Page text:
Turkey, Italian-French consortium advance talks on air defense systems
Sevil Erkuş - ANKARA
Cooperation between European manufacturer of anti-air missiles Eurosam and Turkish defense organizations will provide technology transfer to Turkey and bring the opportunity of export to third party markets, Ambassador of Italy to Ankara Luigi Mattiolo told Hürriyet Daily News, as the two sides advance talks on the Turkish procurement of the SAMP-T missile system.
“One area Turkey and Italy want to develop economic relations is the defense industry, which is a field that needs trust on the ground in order to cooperate. The added value is huge. The common partnership in NATO should be the main trigger for this kind of cooperation,” Mattiolo said in an interview with the Hürriyet Daily News over the weekend.
The deployment of the Italian air defense system in Kahramanmaraş as part of a NATO mission to augment Turkey’s anti-ballistic defense against potential threats from Syria demonstrates this perspective, he said.
“We are engaged with our French partners in a consortium with Eurosam, which has begun the study of a possible new generation of anti-missile defense systems with Turkish companies, which would obviously be by definition fully NATO interoperable,” the ambassador said.
Ankara had made an initial deal with the French-Italian consortium on July 14, 2017 to develop Turkey’s national defense systems and had signed an agreement early 2018 for an 18-month long study to determine the needs and priorities for the potential joint production of an anti-ballistic missile system. The proposed system will be a more developed version of the Eurosam’s current SAMP-T air defense systems.
Two sides met in Ankara for the systems
A written statement issued by Turkey’s Undersecreteriat for Defense Industries on June 3 informed that the talks between the two sides continued with the participation of high-level officials from the two sides on May 30 in Ankara. The works are planned to be finalized at the end of 2019, it said.
Talks with the Italian-French consortium advance at a moment when Turkey is under fierce pressure from the United States and other NATO countries because of its plans to procure Russia’s sophisticated S-400 anti-ballistic missile systems. A bill legislated in the U.S. Congress last year imposes sanctions on countries and companies purchasing defense equipment from Russian suppliers. Some NATO officials recall that the Russian systems will never be interoperable with NATO defense architecture while expressing concerns that the deployment of these systems on NATO soil would create security concerns for the alliance as a whole.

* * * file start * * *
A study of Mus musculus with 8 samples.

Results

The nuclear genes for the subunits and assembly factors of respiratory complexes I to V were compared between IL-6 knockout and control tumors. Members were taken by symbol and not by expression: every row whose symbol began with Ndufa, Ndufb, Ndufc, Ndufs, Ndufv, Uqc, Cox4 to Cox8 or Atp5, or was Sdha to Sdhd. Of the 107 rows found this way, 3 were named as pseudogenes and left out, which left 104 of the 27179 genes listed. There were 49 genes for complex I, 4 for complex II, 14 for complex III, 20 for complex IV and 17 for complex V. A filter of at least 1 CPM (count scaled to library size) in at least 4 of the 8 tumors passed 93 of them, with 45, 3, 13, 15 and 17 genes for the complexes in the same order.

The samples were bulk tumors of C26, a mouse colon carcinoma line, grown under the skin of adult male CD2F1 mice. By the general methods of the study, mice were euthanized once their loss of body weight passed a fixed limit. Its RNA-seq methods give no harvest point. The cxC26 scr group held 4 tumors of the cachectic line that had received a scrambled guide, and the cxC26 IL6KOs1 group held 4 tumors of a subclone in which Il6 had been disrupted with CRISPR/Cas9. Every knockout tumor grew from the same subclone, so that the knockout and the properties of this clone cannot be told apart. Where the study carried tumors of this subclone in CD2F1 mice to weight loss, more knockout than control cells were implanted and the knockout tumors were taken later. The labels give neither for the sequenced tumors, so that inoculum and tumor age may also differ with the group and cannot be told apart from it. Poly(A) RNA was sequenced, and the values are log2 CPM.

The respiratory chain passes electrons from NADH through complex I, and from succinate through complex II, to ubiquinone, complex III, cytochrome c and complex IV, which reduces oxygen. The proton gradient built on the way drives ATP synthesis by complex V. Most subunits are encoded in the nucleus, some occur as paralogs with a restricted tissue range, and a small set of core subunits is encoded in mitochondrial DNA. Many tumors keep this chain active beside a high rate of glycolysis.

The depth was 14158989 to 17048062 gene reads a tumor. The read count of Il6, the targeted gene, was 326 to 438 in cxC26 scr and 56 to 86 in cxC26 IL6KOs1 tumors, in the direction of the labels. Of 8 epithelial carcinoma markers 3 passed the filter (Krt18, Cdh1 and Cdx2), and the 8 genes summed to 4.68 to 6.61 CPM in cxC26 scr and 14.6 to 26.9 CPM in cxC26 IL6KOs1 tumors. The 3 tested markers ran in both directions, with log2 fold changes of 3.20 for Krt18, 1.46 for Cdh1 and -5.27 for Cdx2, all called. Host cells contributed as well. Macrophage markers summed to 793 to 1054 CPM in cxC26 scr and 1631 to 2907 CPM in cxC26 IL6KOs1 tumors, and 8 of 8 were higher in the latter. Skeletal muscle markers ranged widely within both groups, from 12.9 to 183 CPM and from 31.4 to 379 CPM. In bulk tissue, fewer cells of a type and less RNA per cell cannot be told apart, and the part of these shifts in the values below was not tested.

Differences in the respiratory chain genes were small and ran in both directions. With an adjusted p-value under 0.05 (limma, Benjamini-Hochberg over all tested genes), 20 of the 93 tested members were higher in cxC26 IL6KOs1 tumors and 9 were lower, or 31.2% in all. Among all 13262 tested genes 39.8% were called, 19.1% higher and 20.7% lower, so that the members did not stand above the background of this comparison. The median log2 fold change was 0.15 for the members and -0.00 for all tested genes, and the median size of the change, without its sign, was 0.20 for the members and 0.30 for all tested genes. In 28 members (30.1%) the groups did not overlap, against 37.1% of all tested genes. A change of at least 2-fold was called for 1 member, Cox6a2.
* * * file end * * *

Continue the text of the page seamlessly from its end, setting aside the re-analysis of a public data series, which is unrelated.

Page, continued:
Turkey blames the U.S. for not providing technology transfer in its earlier attempts to purchase the U.S. made Patriot missiles, therefore pushing its NATO ally to seek alternative systems from other countries. The most important advantage of the process with the Italian-French consortium is the fact that this is a NATO interoperable system and that the supplier offers technology transfer.
“Italian main industries of this sector will be fully involved in this project, together with industries from Turkey, Roketsan and Aselsan,” said Mattiolo, also noting that the cooperation would provide technology transfer to Turkey.
“There is a technology transfer. There is a development of new technology products together,” he said.
System could be marketed to third countries
“The Italian government and Italian businessmen understand that if we want to enhance and develop economic relations with Turkey, we need to go far beyond the logic of a provider and customer. This [Turkey] is not a country who needs a sort of fully precooked project,” said the ambassador.
These products could also be also sold to third markets, Mattiolo said.
“The point is to use the most advanced technologies at the disposal of foreign countries like Italy and to develop a joint project to develop new products together with the use of Turkish engineering and designing capability,” the ambassador said.
A product intended originally for the Turkish market “might easily also be sold to third countries, where Italy or Turkey or both sometimes might have better access,” he said.
The products could be sold to the Caucasus, Asia, or NATO markets, the ambassador added.
After the cancellation of the original tender Turkey had launched earlier, on which Turkey had decided on a Chinese bidder but had failed to reach an agreement, the ambassador said the three NATO countries—Italy, Turkey and France—could develop a system together that would be in the interest of everyone.
“This is typical mutual interest. I am happy that as we have hoped, what prevailed is awareness about the need to develop a system that can be fully integrated with NATO systems. If you are interoperable, you can have all the strength of the alliance with you when it comes to the need for defense,” he said.
The initial deal that exhibits Turkey’s intention to work with Eurosam, the producer of SAMP-T and Aster 30 long-range surface-to-air missiles (SAM) systems, was signed on July 14, 2017.
As the first step, the Franco-Italian Eurosam consortium and Turkish companies will look into a system based on the SAMP-T missile system produced by Eurosam and determine the common needs of the three countries.